Safer driving in old age

Psychological factors that contribute to safer driving among mature age drivers will be examined in new research at the Australian National University (ANU).

The study aims to gain a better understanding of the mental processes inherent to safe driving in order to help older adults remain safe for longer, according to the study’s leaders, Mr Chris Hatherly and Ms Jolanta Samoc.

They are seeking drivers over the age of 60 in Canberra and Queanbeyan willing to take part in the research.

“There is a lot of evidence to show that reaction time and visual abilities decline with age. But in many cases, older adults remain much better drivers than measures of these factors would predict,” Mr Hatherly said.

Figures show that although older drivers are significantly less likely to crash than the youngest road users, older adults who are involved in accidents are much more likely suffer serious injury.

But the decision to stop driving needs to be considered against other factors for older drivers, such as loss of independence and mobility, Ms Samoc said.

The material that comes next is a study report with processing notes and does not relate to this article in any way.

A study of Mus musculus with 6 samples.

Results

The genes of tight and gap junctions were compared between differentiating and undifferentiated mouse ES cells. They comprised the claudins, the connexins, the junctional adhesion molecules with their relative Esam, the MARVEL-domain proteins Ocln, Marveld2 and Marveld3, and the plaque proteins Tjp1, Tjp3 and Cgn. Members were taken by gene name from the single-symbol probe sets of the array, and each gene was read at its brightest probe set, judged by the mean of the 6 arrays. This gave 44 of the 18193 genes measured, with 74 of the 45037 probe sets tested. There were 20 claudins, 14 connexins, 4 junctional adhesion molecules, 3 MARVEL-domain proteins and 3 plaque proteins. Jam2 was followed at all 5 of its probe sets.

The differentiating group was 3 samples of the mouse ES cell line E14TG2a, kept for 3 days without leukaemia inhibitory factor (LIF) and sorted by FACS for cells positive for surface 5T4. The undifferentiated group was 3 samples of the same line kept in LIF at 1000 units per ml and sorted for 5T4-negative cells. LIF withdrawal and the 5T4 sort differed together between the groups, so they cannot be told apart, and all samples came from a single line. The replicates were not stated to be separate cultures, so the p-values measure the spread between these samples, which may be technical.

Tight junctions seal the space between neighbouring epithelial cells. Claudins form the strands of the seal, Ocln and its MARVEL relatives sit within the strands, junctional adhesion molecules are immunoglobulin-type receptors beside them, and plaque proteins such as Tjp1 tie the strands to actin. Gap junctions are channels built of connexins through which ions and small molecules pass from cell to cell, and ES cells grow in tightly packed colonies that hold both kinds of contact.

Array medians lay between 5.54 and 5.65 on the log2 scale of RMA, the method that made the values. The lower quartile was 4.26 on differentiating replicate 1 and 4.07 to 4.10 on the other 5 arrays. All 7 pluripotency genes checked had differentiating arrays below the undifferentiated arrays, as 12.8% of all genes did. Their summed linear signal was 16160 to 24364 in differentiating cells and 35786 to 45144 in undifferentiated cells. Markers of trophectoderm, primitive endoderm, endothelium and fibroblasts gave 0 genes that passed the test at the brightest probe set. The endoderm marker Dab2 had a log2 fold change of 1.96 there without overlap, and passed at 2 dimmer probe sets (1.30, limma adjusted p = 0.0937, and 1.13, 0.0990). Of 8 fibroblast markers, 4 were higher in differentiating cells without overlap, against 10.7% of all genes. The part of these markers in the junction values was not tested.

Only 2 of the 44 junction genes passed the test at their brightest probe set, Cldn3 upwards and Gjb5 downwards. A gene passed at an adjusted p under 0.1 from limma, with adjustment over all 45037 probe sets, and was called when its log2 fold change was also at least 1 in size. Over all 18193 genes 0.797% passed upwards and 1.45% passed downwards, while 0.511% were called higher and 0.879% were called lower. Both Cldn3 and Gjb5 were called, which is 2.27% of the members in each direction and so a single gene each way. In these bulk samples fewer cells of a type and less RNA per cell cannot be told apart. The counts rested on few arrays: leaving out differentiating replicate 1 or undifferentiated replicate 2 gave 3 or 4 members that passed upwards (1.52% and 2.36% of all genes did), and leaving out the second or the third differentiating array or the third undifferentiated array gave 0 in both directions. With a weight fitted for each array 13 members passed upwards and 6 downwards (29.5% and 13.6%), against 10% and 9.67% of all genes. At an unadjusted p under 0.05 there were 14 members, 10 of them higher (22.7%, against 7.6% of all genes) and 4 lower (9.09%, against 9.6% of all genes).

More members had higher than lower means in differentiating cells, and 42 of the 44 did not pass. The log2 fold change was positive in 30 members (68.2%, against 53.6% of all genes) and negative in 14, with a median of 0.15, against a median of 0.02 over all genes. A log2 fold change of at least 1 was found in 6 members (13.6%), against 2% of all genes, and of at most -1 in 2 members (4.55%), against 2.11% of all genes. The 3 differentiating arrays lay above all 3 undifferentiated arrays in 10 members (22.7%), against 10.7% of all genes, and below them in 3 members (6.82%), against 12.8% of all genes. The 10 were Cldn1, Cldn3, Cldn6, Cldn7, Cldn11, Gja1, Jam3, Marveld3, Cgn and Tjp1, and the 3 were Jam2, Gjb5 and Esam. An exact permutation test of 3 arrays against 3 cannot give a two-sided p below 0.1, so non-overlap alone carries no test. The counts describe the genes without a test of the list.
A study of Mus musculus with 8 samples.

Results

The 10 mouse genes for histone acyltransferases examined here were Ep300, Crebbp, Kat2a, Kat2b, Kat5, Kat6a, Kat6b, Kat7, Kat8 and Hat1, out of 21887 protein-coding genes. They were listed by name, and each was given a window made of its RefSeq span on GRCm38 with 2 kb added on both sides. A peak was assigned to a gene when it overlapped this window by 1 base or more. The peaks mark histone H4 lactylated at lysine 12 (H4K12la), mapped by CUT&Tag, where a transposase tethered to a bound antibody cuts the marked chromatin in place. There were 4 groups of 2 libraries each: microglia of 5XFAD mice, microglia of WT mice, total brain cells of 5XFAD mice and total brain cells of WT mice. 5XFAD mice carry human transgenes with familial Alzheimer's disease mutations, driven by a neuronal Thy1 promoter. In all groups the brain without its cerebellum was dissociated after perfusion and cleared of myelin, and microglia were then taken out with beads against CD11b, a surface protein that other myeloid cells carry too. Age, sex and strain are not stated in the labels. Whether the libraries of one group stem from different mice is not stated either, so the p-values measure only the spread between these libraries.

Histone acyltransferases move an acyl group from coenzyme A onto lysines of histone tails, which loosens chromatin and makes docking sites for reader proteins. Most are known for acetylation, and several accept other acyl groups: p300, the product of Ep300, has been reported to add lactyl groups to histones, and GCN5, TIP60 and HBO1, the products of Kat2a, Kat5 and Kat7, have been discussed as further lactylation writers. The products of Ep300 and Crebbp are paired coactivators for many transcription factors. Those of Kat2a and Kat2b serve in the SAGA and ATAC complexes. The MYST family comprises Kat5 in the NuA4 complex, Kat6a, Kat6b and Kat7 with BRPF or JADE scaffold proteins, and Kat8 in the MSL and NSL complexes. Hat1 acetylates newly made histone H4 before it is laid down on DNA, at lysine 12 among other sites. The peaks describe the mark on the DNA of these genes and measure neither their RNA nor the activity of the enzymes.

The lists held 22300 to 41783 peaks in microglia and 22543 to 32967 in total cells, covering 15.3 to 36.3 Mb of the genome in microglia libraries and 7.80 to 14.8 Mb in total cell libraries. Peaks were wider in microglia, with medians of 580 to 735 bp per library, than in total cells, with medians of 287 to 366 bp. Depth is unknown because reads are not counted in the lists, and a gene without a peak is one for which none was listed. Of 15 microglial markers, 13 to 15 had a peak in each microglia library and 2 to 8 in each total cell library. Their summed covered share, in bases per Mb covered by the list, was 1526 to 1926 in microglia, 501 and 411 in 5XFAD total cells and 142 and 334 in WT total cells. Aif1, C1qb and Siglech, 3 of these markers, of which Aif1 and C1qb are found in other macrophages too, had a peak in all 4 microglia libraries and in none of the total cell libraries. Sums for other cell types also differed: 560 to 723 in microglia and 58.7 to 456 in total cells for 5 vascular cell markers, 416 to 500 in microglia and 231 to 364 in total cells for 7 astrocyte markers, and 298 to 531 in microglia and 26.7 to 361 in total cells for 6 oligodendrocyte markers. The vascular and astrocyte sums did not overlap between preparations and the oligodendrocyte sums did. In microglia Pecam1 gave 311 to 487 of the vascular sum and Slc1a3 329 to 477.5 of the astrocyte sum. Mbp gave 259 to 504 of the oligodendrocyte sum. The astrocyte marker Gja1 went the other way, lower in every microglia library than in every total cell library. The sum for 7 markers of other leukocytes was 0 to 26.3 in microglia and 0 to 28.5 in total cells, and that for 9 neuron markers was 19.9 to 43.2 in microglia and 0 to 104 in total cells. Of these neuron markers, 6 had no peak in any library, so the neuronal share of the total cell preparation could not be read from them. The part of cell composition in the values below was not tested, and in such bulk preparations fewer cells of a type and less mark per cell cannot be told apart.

“Driving is an important link between older people and an active social life. When older people cease to drive, there may be serious consequences for mental health.”

The research will assist in the development of a computerised assessment that would give a better indication of possible driving risk.

“We are also investigating the role of confidence and self-monitoring in the mental processes which are thought to underlie driving abilities,” Mr Hatherly said.

Research supervisor Dr Kaarin Anstey, from the Centre for Mental Health Research at ANU, said the study would provide valuable information about older drivers and would also contribute to knowledge of driving psychology.

“For the safety of all road users, it is necessary to develop methods of helping older adults to drive more safely, and of objectively identifying those who may need to reduce or cease driving.

“On the other hand, there is evidence to suggest that in some cases, older adults cease driving while their skills and abilities are still highly competent.”

Researchers are seeking volunteers over 60 years who currently drive, or who have ceased driving recently. Volunteers would undertake a two-hour assessment, including vision tests, questionnaires and computer tasks and would be given feedback on their performance. Potential participants should contact Mr Hatherly or Ms Samoc on 02 6125 1654 during business hours.


The opinions expressed here are the views of the writer and do not necessarily reflect the views and opinions of News Medical.